Our article on the 8 attractions you can find in Brisbane’s Botanic City Gardens seems to have left out one other location: the Sir Thomas Brisbane Planetarium.
Named after Thomas Brisbane, a New South Wales governor who served between 1821-1825, the Planetarium was established on the grounds of the Brisbane Botanic Gardens and officially opened on 24 May 1978. As Brisbane was also famed as a Scottish astronomer who established Australia’s first significant observatory in Paramatta, it seemed only fitting that an establishment like this was named in his honor.
Whether you’re an astronomy enthusiast or just a casual visitor, there’s no lack of things here for you to see or do:
1. Display Zone.
There are two areas in the Display Zone:
a.) Foyer. With its asteroid fragments, spacecraft models, and even a replica of Neil Armstrong’s Apollo spacesuit, this area is basically the museum proper of the Planetarium. The old Zeiss projector, which was installed in 1978 and retired in 2010, is also part of the exhibit here.
b.) Gallery. Astronomy buffs will be intrigued by the images from the Hubble Space Telescope on display here, along with an informative section on the history of astronomy where ancient instruments like astrolabes and stone circles are compared with today’s most cutting-edge telescopes. Best of all, there’s also an interactive feature that allows you to explore the Milky Way and the Moon’s craters.
If you’ve ever wanted to go stargazing or simply want to take a closer look at Brisbane’s night sky, this is the place to be. Here, you can peer through an eyepiece to look up at different star clusters, planets, and the moon, depending on the month and the weather.
Night tours can also be scheduled on selected Saturdays, and ought to be booked in advance. It should also be noted that the observatory is accessed via a steep staircase and is thus not wheelchair-accessible.
This is where mini programs on topics like space missions and basic astronomy concepts are screened regularly. There’s always a new feature on and admission to this area is free, so it’s also a great place to sit if you need to get your bearings.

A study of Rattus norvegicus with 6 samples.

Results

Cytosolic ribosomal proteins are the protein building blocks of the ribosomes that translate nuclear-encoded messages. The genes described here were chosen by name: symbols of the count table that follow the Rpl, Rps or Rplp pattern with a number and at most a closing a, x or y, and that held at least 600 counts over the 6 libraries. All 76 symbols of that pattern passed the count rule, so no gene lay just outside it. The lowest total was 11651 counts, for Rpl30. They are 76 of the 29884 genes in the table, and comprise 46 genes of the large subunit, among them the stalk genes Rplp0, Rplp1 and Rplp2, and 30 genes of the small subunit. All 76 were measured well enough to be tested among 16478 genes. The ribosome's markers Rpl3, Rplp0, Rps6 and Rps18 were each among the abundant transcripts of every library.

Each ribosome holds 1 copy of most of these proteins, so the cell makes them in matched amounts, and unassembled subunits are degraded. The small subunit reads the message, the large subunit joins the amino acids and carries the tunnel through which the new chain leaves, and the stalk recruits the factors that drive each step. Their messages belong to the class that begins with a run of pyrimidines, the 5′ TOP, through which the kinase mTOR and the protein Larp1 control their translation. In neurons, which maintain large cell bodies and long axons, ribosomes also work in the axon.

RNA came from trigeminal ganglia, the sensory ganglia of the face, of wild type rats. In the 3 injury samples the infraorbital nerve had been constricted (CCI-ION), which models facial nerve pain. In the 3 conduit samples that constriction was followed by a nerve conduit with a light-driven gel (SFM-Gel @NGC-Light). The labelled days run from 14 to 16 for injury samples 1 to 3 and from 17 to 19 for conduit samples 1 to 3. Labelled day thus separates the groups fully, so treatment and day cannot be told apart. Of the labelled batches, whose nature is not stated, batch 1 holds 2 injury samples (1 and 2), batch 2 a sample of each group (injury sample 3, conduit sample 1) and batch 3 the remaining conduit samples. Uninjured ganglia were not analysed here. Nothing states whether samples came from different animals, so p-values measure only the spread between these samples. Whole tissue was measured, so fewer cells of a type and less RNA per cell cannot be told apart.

4. Sundial Courtyard.
As its name suggests, this area features a huge sundial made out of concrete, glass, and steel. Sundials were once used to tell time according to the shadow cast by the sun on a cloudless day, and the one here is pretty accurate, give or take about ten minutes.
The courtyard is also a great place to relax in the sunlight and perhaps for a great selfie.
5. Cosmic Skydome.
The Skydome is the Planetarium’s piece de resistance: a huge dome that plays host to immersive presentations like “Stars of the Pharaohs,” “Cosmic Collisions,” “Starlight,” and many others. A visit to the Skydome usually concludes with a guided tour of the Brisbane sky, where the astronomer on duty will point out various heavenly bodies that are visible at night.
The new projector that was installed only recently in 2013 is also worth a look for it creates a breathtakingly realistic night sky on the dome’s 12.5 diameter surface.
6. Galaxy Gift Shop.
As a fitting end to your visit, you can pick up a star chart or other souvenirs like spacecraft models, project kits, astronomy books, and novelty items at the gift shop. Teachers will also be delighted to know that they can avail of discounts on educational items being sold here.
The Sir Thomas Brisbane Planetarium is located at Mount Coot Tha Rd, Toowong QLD 4066. It’s closed every Monday and on public holidays like Christmas Day and ANZAC Day, but is open from 10 am – 4 pm on Tuesdays to Fridays, 11 am to 8:15 pm on Saturdays, and 11 am – 4 pm on Sundays.
Bookings are highly recommended and can be made through the Booking Office (07 3403 2578) or through the online enquiry form.